Derinkuyu is an ancient underground city near the Nevsehir province of the Cappadocia Region in Turkey. A Turkish man accidentally discovered this incredible archaeological site in 1963 while renovating his house. Two years later, the underground city was partially open to visit.
Once housing 20,000 people, Derinkuyu Underground City is the largest underground city in the world.
Encompassing 18 stories, Derinkuyu Underground City measures approximately 85 meters in depth. The city consists of such sections as stables, cellars, dungeons, dining halls, churches, and stum shops. There is even a missionary school on the 2nd floor. The city was ventilated through more than 15,000 shafts that reached the very bottom of the city. The 55-meter-deep ventilation shaft connected to the surface also functioned as a water well. The upper levels contained the sleeping areas due to better ventilation while the lower levels mostly contained storage rooms. Today, only 10% of the underground city of Derinkuyu is open to visit.
Inside the underground city, it is highly difficult for two people to walk side by side due to the narrowness of corridors and floors. The main reason is probably the necessity to close the connection roads in case of a raid in a short period of time. Therefore, the engineers of Derinkuyu developed a defense system consisting of round bolt stones that were immovable from the outside.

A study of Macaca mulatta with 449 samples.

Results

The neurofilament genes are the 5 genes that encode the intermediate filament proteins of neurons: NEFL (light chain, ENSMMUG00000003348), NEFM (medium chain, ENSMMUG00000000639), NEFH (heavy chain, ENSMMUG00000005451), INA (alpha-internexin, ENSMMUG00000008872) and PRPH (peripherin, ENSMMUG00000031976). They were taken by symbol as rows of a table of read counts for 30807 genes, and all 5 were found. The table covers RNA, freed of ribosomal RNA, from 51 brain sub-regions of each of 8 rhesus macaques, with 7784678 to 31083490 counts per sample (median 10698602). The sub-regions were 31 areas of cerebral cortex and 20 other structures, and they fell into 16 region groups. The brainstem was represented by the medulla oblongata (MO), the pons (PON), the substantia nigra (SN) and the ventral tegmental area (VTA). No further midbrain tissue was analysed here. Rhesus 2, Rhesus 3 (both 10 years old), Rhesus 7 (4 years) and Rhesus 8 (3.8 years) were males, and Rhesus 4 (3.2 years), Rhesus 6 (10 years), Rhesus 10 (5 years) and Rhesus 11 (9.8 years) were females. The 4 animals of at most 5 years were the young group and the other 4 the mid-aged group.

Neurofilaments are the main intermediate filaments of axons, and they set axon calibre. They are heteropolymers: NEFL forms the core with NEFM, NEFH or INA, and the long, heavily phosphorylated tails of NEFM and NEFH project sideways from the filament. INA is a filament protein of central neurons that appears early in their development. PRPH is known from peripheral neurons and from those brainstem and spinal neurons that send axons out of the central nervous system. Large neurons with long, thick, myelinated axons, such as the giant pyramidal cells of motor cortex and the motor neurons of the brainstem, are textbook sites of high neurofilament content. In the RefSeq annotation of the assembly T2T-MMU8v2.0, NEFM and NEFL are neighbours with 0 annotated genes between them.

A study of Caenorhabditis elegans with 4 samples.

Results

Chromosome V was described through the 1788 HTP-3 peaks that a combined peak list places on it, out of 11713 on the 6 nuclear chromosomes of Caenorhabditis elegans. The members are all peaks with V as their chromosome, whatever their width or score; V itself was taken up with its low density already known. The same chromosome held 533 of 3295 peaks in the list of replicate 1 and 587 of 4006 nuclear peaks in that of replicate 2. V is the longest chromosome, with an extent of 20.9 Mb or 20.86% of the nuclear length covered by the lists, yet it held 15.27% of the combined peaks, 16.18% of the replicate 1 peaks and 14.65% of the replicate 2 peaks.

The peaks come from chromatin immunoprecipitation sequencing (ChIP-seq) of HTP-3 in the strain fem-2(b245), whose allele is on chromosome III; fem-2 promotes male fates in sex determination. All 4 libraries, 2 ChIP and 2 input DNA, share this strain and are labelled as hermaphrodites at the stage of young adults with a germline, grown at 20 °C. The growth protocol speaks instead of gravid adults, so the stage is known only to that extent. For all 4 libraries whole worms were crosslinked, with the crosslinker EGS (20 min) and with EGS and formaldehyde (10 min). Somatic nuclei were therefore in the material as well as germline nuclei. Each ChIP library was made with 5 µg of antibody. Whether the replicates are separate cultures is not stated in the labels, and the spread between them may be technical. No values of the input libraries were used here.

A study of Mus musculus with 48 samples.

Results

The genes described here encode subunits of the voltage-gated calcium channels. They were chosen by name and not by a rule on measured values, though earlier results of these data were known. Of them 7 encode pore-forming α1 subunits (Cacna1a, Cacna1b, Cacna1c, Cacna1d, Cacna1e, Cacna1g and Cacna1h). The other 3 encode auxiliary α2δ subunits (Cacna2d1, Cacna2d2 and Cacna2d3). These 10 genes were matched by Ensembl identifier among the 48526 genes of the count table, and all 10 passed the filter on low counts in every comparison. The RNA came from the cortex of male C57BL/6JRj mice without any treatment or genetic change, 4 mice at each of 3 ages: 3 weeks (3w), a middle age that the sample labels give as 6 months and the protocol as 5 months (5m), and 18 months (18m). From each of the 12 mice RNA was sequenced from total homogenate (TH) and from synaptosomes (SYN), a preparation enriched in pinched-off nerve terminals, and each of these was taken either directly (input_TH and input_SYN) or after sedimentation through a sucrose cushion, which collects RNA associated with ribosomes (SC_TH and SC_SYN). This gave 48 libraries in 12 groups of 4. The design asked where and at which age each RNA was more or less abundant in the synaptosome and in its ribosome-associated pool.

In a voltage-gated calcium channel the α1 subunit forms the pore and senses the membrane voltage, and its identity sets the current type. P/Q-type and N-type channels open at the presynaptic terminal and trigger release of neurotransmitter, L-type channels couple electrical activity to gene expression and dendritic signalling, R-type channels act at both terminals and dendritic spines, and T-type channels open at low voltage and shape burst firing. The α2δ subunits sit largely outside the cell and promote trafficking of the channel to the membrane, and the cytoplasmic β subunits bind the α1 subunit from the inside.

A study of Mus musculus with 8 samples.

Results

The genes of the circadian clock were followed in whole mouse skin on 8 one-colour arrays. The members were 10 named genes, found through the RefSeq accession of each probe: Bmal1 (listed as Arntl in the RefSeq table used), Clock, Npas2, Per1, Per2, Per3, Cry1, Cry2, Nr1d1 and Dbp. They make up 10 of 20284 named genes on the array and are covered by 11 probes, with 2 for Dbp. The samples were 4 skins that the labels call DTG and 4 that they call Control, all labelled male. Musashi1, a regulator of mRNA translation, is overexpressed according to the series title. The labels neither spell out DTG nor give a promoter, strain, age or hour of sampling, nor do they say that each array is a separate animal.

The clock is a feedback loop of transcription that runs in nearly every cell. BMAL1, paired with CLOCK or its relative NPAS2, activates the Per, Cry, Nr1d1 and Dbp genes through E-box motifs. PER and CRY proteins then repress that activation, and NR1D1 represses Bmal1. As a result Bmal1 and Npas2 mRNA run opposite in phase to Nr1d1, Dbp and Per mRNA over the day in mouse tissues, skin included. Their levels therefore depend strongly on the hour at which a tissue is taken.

There is little historical record about the origins of Derinkuyu. According to some archaeologists, the oldest part of the complex was built around 2000 BC by the Hittites, then by the Phrygians around 700 BC. Later, the city probably changed hands from the Phrygians to the Persians, and then to the Christians during the first centuries AD. Finally, the city was abandoned in the 1920s by the Cappadocian Greeks as a result of the Greco-Turkish war.